Toddlerhood is a very trying time to prepare. 3-year-old behavior problems can be an issue in this period. Toddlers are going through an important stage of their development. As tough as these times are for parents, it is comforting to know that it is temporary. As it is the age when children begin asserting themselves and discovering their independence.
Unfortunately, this Independence does not bring extra logic and reasoning. Toddlers can get very frustrated when they realize that their world doesn’t want to cooperate with them.
Mommy won’t get them another cookie. Daddy won’t throw them up one more time. And bubby or sissy is too busy to play with them. Actually, the frustration toddlers experience stems from the understanding that they have a greater influence on their world.
Their vocabulary, their self-control, and ability to express themselves is trying to catch up to their desires and need to assert themselves. This can make for a very challenging time for the entire household.
Tips to Handle 3-Year-Olds Behavior Problems
Following are the 4 effective tips to change 3-year-old toddlers behavioral problems.
Don’t scream or yell at your when they act out. This is because your facial expression and tone of voice will have the opposite effect upon them, from what you intended. Additionally, frequent yelling can actually cause your child to tune you out.
A better idea to solve 3-year-olds behavior problems is to interest her in another activity. For example, if she’s trying to get at something that is off-limits, like grabbing the bottles from the medicine cabinet, you can gently take her by the hand and guide her to a spot on the floor, away from the objects of interest, and start doing a puzzle or game together.
Distracting her attention will terminate the unwanted behavior, but it also minimizes the stress that comes from power struggles.
The routines of the day provide many opportunities for you to facilitate good behavior. Two times that are rich with potential bonding time, are bath and bedtime. Bath time is a way to create some delightful memories that make behavior so much easier for parent and child. “The Bath Song” is a great way to encourage a child who is reluctant to be bathed.
Bedtime doesn’t have to be the focal point of nightly power struggles. You can promise your youngster a treat or special book before it is time to go down for the night. Build excitement for it.
Your preschooler may come to associate bath and bedtimes with special memories that will not only minimize challenging behaviors but linger lovingly in their minds for years to come. There are many sources for songs and games to play throughout the day, for everything from clean up to dinner time.
Reacting to children’s every mistake or responding to everything that comes out of their mouths is not very helpful, either for your stress level or their ongoing cooperation.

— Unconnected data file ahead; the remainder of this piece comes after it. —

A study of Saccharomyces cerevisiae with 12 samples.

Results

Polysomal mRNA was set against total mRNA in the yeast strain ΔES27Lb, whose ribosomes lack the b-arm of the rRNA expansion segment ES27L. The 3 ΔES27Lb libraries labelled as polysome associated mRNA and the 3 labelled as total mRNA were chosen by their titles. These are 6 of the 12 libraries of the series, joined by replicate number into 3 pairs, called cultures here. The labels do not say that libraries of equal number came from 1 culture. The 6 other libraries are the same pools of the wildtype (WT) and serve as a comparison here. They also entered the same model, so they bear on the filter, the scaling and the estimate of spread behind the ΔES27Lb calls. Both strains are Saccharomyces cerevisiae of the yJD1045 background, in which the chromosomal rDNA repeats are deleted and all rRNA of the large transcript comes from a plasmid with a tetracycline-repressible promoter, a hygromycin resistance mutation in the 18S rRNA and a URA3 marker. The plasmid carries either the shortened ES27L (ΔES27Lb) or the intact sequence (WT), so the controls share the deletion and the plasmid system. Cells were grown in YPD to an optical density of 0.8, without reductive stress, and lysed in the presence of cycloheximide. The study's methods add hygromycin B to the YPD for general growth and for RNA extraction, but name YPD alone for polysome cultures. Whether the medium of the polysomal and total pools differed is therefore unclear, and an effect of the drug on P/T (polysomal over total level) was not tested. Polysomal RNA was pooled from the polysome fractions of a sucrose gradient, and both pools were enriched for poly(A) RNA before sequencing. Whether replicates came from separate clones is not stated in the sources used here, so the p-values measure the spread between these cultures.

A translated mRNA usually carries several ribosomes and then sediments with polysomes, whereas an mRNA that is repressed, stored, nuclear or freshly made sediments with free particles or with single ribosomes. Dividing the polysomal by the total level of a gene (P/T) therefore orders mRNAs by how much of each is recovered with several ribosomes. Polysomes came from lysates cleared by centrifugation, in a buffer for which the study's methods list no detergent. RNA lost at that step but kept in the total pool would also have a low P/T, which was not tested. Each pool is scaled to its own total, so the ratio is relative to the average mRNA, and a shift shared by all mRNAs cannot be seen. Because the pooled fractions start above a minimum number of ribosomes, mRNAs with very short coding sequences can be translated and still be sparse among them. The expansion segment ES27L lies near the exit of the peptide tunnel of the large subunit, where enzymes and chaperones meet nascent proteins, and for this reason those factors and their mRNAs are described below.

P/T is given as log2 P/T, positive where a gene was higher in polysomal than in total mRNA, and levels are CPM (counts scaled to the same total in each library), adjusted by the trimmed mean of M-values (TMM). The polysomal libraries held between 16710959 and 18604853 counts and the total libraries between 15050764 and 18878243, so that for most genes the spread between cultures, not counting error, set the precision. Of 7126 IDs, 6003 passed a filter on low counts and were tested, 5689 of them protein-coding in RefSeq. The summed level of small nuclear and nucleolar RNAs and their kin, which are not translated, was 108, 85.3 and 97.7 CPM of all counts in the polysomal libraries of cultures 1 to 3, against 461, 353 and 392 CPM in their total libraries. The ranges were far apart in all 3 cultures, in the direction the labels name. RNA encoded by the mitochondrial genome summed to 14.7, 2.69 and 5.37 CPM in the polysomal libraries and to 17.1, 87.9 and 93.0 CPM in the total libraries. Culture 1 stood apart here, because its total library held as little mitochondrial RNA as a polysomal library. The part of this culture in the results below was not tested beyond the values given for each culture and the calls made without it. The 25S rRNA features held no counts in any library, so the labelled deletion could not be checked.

If you choose to make every naughty behavior an issue, you will be constantly fighting with some children. It is more helpful and infinitely more sensible to have a few hard and fast rules–major behaviors that you cannot deal with, either because they are unsafe, uncivil, or uncouth.
For actions that are dangerous, like walking out into the middle of the street, just set clear, specific expectations with consequences that are simple to understand.
Hitting a child in retaliation, for example, is not a natural consequence for a child who hits because it implies that the rules for an adult or bigger person are different. This may confuse a child or cause them to accept abuse from someone bigger. A simple reminder of why hitting is not ok and a time-out in a place that is no fun make more sense.
How long should a child sit in time-out? The rule of thumb is one minute per year of life. (e.g. 3 minutes for a 3-year-old.)It is helpful to use a timer, otherwise, you might forget and leave the child to sit for much longer and they will squirm.
Please make sure to follow through on whatever disciplinary policy you choose. If you are inconsistent, it will confuse kids of all ages, and encourage them to rebel. Please remember to always praise your child when he is listening, following directions, or engaging in the desired behavior. These will lessen toddlers especially 3-year-olds behavior problems.
For less serious offenses, like refusing to give back a toy, it is useful to understand the context. If the child is playing with another child’s toys, it is helpful to explain, beforehand, that some toys are ok to keep, but toys that belong to other kids are just ok to borrow.
Practice preventive discipline. Use what you know about how your child behaves, to reduce bad behaviors. If he likes to do things to get attention when you have to get pressing work done, have a few of his favorite puzzles or games handy, or even a tablet. Technology should be used in moderation. This will keep him from driving you nuts while helping him to improve his fine motor skills.
Also, prepare your child for the day. Trips to the park, the store, or the doctor, should be done earlier rather than later, because young children have bursts of energy when they wake up, then quickly flag as the day wears on. Make it a habit to keep interesting things packed when you go places, to keep him from getting bored.
Finally, give your child transitional cues. “In just a couple minutes, we are going to leave the library and go to grandpa. Can you put all the books back in the bin?
Toddlerhood is taxing, but a temporary phase that all children must experience. How you approach this period in your child’s life and the important messages you communicate to her will help her to develop the self-discipline needed to become a happy and emotionally healthy child.
We hope these tips will help you to understand and lessen 3-year-old toddlers behavior problems.